Thursday, 1 December 2011

Tackling the sexual exploitation of children

Last week I welcomed the launch of an action plan to tackle the sexual exploitation of children, which contains a number of measures that I had previously called upon the Government to adopt. This is a far more widespread problem than many of us like to accept.
Just after I was elected I was shocked by the discovery of groups of men living here who had committed these horrendous crimes. I met with the local police and professionals working with young people whose painstaking and careful work led to these criminals being detected and prosecuted. I took their experiences directly to the Minister responsible for developing the plan. I believe that it is vitally important that professionals working hard to deliver our public services should be involved in the development of policy.
The plan outlines forty six separate proposals which will further enable the prosecution of child abusers and enhance the protection of abuse victims and those at risk of abuse.
Earlier this year I presented Justice Secretary Ken Clark with evidence that the judicial system was failing victims of child sexual abuse, as children giving evidence against abusers were often subject to intimidating cross-examinations in court.  I argued that such intimidation saw many children break down, weakening their testimony, and making it easier for their abusers to go free. I called for urgent change to the judicial system to avoid such intimidation of children giving crucial testimony.
This change is now proposed in the action plan on child sexual exploitation, which puts forward reforms that would change the treatment of children in court. The reforms include a proposal, to be considered further by the Department of Justice, that the cross examination of children should take place in private, with recordings being then shown to the court.
In addition for pressing for more co-ordination of professionals working with children via the local safeguarding children’s boards, I have also campaigned for longer prison sentences for those found guilty of sexually abusing children. Last month I welcomed the Department of Justice announcement that sexual offences against children will now be placed in the category of ‘most serious sexual and violent offences, meaning that any person convicted of child sex offences for a second time will be liable to receive a mandatory life sentence.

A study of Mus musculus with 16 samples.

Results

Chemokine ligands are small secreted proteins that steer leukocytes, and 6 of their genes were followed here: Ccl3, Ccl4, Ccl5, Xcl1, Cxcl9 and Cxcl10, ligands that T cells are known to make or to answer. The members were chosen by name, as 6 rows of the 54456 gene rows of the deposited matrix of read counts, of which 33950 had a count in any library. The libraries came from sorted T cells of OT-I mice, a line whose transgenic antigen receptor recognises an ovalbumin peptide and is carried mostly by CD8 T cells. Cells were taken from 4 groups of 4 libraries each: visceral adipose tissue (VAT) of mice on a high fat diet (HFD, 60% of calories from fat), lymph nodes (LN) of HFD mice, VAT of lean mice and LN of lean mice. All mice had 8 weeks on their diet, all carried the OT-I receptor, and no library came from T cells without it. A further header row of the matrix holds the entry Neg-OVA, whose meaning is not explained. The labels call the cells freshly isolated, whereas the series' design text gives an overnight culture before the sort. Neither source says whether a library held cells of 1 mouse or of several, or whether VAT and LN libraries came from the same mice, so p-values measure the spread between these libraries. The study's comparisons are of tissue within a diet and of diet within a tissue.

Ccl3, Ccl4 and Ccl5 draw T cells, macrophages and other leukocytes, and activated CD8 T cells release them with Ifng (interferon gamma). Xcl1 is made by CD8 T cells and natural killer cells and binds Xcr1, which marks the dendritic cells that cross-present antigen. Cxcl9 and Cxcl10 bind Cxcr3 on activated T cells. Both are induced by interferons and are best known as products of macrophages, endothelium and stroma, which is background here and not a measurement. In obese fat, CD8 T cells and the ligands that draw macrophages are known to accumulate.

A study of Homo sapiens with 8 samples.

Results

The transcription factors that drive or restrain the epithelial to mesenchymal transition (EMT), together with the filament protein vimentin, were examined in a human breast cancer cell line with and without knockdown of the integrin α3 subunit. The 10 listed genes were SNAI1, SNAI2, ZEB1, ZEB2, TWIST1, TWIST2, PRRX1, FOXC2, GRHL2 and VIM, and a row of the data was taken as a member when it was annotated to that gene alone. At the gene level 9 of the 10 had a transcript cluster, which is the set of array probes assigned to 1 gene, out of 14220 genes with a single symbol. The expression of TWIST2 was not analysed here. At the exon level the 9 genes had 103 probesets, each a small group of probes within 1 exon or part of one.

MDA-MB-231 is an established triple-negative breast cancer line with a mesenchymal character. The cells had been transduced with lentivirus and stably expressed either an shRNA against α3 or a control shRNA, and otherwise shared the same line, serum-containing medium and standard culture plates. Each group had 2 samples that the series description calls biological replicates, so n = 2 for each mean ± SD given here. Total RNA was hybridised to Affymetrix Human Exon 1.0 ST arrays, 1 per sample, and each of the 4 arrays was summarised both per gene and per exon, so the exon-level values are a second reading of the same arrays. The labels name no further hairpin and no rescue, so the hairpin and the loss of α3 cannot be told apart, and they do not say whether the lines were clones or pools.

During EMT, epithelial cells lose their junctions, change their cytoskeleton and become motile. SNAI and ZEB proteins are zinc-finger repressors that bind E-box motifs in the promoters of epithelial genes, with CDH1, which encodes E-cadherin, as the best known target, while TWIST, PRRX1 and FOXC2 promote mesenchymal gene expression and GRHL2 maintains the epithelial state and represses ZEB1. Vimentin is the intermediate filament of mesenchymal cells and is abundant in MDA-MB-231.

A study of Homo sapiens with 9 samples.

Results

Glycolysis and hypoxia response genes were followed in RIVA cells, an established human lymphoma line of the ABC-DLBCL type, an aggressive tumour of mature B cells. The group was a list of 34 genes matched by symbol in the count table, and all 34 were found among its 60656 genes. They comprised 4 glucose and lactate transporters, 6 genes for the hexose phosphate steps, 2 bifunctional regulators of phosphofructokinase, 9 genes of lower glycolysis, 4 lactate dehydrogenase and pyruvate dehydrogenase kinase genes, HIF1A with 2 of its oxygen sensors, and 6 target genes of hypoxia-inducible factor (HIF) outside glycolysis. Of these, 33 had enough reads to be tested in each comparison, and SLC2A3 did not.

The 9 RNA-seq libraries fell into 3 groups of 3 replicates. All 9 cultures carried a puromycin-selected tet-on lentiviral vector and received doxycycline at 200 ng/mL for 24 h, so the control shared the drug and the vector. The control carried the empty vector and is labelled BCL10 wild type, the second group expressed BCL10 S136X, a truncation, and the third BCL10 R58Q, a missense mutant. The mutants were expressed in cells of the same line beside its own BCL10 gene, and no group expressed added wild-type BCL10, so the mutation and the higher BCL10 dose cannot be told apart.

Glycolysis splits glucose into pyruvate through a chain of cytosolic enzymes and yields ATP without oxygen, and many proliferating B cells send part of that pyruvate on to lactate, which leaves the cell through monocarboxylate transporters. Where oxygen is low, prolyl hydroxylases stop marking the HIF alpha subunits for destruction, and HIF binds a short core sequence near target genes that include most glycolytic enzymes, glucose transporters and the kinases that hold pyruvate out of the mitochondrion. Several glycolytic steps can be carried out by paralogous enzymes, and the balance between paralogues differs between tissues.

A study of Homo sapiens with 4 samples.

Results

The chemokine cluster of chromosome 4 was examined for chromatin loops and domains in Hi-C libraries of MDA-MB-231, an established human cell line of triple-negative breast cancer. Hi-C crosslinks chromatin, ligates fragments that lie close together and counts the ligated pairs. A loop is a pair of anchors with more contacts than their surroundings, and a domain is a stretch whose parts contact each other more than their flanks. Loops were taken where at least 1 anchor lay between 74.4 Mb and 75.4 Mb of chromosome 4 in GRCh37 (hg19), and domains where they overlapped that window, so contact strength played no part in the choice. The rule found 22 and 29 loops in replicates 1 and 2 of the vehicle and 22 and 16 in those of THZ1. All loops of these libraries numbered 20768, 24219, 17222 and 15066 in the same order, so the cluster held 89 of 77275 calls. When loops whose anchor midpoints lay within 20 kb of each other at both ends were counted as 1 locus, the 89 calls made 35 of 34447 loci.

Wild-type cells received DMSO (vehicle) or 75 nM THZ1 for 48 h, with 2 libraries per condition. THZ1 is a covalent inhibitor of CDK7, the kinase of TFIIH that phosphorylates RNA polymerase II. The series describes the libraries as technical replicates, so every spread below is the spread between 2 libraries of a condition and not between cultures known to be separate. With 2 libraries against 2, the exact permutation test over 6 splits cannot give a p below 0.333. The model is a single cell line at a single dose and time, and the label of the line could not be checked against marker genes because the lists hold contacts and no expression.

The action plan on child sexual exploitation confirms this change, and pledges that new extended sentences will be imposed upon first time offenders. The plan also instructs the Crown Prosecution Service to improve the effectiveness of its prosecutions against child abusers.
Improving our local rail services is another issue that I consistently work hard to deliver. I was pleased that the popular Maritime Line whose passenger numbers have grown over 90% since 2007 will have an extra carriage from next year – easing overcrowding.
Department of Transport has signed an agreement with First Great Western with Cornwall Council and the Devon and Cornwall Rail Partnership contributing to the funding required.
The extra carriage is part of a wider effort by First Great Western and the Department of Transport to enhance rail capacity across the South West, First Great Western now operate over fifty more vehicles across the region than specified in their franchise.